I set the main speakers high pass crossover point to 80Hz, and the subwoofer channels were set to 80Hz low pass. The subsonic filter was set to 11Hz. After a quick gain matching of the sub channels, I sat down and began my listening with a true test for any amp running a full system, the Atlanta Symphony playing Introit and Kyrie from “Requiem Opus 48”. This track is an excellent test for how well an amplifier can reproduce complex choral voices and a full symphony orchestra at the same time. The Leviathan performed perfectly, and the result was a listening experience virtually indistinguishable from my studio reference amplifier. Needless to say, I was impressed! I moved on to more current but still difficult tunes like the soft passages and reverberance in the Cowboy Junkies “Trinity Sessions”. This recording was made with the band standing around a microphone in The Church of the Holy Trinity in Toronto, Canada. The recording captured the ambience of the room, and the ZED Audio Leviathan reproduced it with almost startling clarity! The process continued with me listening for any telltale signs of a Class D design, such as high frequency harshness, or added high frequency noise. I found nothing at all to complain about! In fact, the ZED Audio Leviathan sounds very much like my expensive studio reference amplifier in many respects. Which is to say, the ZED Audio amplifier is natural and realistic sounding, with plenty of power to handle dynamics and very quiet when it was supposed to be. All in all, the Zed Audio Leviathan is a really great sounding amplifier, regardless of topology.

1 Maximally Flat - Fre_opt 2 Crossover Ranges - F_opt
3 Subsonic Filter - Fr_opt 5 Separation or Crosst_opt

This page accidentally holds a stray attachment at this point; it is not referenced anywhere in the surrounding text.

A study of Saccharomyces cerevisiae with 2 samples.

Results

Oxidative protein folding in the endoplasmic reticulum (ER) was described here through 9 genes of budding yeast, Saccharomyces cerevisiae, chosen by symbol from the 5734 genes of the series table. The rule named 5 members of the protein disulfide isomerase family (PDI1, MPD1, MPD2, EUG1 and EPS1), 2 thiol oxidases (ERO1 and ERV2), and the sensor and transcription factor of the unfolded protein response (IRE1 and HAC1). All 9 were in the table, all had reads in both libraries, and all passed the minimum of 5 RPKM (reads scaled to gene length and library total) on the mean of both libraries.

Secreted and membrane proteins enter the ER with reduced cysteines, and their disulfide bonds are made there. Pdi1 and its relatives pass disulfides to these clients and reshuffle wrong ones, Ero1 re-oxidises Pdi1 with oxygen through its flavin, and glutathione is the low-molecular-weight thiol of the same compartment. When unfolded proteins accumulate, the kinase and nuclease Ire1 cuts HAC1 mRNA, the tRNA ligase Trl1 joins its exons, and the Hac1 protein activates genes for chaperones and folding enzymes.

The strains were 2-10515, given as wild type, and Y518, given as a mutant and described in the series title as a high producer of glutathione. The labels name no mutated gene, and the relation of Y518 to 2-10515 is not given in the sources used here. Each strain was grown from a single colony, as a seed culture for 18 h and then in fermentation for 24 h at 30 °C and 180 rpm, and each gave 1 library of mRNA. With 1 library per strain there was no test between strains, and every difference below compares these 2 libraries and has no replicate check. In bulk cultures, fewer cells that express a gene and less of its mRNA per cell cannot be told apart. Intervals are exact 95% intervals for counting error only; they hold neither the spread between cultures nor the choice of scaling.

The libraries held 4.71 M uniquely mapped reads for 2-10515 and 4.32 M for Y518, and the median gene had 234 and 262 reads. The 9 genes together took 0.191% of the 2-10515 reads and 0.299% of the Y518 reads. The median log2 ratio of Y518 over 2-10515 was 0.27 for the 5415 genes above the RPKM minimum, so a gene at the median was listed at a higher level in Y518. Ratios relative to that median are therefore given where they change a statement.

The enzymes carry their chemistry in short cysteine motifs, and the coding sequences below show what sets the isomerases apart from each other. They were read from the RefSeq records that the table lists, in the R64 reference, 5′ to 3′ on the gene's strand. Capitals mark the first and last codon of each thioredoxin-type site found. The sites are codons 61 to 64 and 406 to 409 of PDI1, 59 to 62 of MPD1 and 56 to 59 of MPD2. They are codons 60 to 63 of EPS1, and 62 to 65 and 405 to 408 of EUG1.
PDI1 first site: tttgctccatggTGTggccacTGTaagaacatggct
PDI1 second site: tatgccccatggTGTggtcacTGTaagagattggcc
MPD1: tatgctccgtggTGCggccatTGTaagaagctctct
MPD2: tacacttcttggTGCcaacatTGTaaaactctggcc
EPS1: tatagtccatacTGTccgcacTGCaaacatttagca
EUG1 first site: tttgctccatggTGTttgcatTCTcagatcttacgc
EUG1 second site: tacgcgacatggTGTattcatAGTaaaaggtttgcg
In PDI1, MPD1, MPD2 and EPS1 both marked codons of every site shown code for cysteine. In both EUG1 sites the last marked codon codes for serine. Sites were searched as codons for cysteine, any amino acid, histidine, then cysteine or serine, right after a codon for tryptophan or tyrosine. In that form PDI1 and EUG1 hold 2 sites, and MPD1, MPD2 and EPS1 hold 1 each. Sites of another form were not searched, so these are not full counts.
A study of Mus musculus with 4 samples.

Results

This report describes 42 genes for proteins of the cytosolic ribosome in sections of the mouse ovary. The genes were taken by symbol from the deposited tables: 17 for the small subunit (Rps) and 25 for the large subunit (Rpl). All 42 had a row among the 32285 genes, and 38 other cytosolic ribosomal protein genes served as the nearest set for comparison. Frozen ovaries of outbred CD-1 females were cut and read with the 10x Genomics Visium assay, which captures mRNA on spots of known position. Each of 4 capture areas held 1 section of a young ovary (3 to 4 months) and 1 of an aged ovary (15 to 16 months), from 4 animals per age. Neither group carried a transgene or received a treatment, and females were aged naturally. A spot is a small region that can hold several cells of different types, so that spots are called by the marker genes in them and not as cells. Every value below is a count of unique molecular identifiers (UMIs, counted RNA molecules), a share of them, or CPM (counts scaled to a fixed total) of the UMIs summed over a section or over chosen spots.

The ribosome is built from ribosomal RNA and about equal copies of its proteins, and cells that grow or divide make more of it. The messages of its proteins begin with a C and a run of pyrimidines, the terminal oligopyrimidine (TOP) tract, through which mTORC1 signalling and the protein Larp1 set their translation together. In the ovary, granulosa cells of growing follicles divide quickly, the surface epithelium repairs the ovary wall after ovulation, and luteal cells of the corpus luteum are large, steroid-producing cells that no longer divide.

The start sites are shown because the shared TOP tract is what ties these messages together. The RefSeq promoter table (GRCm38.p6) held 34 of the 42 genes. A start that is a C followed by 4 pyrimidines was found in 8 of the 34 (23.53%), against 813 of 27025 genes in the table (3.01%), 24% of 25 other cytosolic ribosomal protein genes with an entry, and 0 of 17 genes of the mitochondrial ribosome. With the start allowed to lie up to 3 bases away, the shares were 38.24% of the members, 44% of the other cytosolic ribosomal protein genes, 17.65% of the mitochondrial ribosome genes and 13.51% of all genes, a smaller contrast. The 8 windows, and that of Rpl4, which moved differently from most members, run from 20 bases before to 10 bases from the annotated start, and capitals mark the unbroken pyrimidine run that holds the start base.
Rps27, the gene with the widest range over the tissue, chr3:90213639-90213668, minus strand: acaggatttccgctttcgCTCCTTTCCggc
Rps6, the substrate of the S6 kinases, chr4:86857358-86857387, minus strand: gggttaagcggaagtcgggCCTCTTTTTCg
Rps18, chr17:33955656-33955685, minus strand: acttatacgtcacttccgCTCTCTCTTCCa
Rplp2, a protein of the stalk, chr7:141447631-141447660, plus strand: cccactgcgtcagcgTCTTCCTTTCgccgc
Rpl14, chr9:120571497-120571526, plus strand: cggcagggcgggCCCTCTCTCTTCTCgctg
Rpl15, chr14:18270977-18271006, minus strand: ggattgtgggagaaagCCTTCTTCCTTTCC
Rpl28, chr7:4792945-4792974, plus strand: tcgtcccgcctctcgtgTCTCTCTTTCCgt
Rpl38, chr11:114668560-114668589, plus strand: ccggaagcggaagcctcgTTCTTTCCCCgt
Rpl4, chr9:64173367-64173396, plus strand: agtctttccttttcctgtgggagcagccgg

On the Bench

After my listening had been completed, I connected the Leviathan to the brutally honest Cogent Audio Labs test bench, and ran my normal battery of tests and measurements. I’m happy to report the ZED Audio Leviathan exceeded its rated power at both 4 and 2 ohms, and frequency response was ruler flat from below 10Hz to over 20kHz.Signal to Noise was about average for an amplifier of this type, and crosstalk measured a very good -61dB. Distortion and noise were very low, below 0.1% at any frequency at 1 watt of power. The amplifier is well thought out, and the layout of the PCB contributes to the overall excellent performance. Of course the main benefit of a Class D amplifier is power efficiency, and in that regard, the ZED Audio design performs just as expected. Although no one generally quotes the efficiency of an amplifier at fractional power levels, the fact is, that’s where most of us use them. And that’s really where a design like this really shines, using about 50% less current than a traditional Class AB amp would draw at say, 10 watts per channel. As a result, the amp runs cooler, and places less of a demand on your cars charging system.


I’ll admit I was skeptical when I learned this was a full range Class D amplifier, simply because I’m pretty particular about my music, and there have only been a handful of these that I actually like the sound of. Well, I’m adding the Zed Audio Leviathan to that list, because after listening to it, had I not known it was a Class D amplifier, I don’t think I would have been able to tell. The Zed Audio Leviathan sounds clean and natural, with more than enough power to drive almost any system to high SPL levels! The Zed Audio amp is well made, and the very flexible input section has been designed by someone who has clearly been in more than a few car trunks in his day. If you are looking for a reasonably priced, single chassis solution that is efficient, compact for the power it develops, and sounds great, you need look no further than the Zed Audio Leviathan.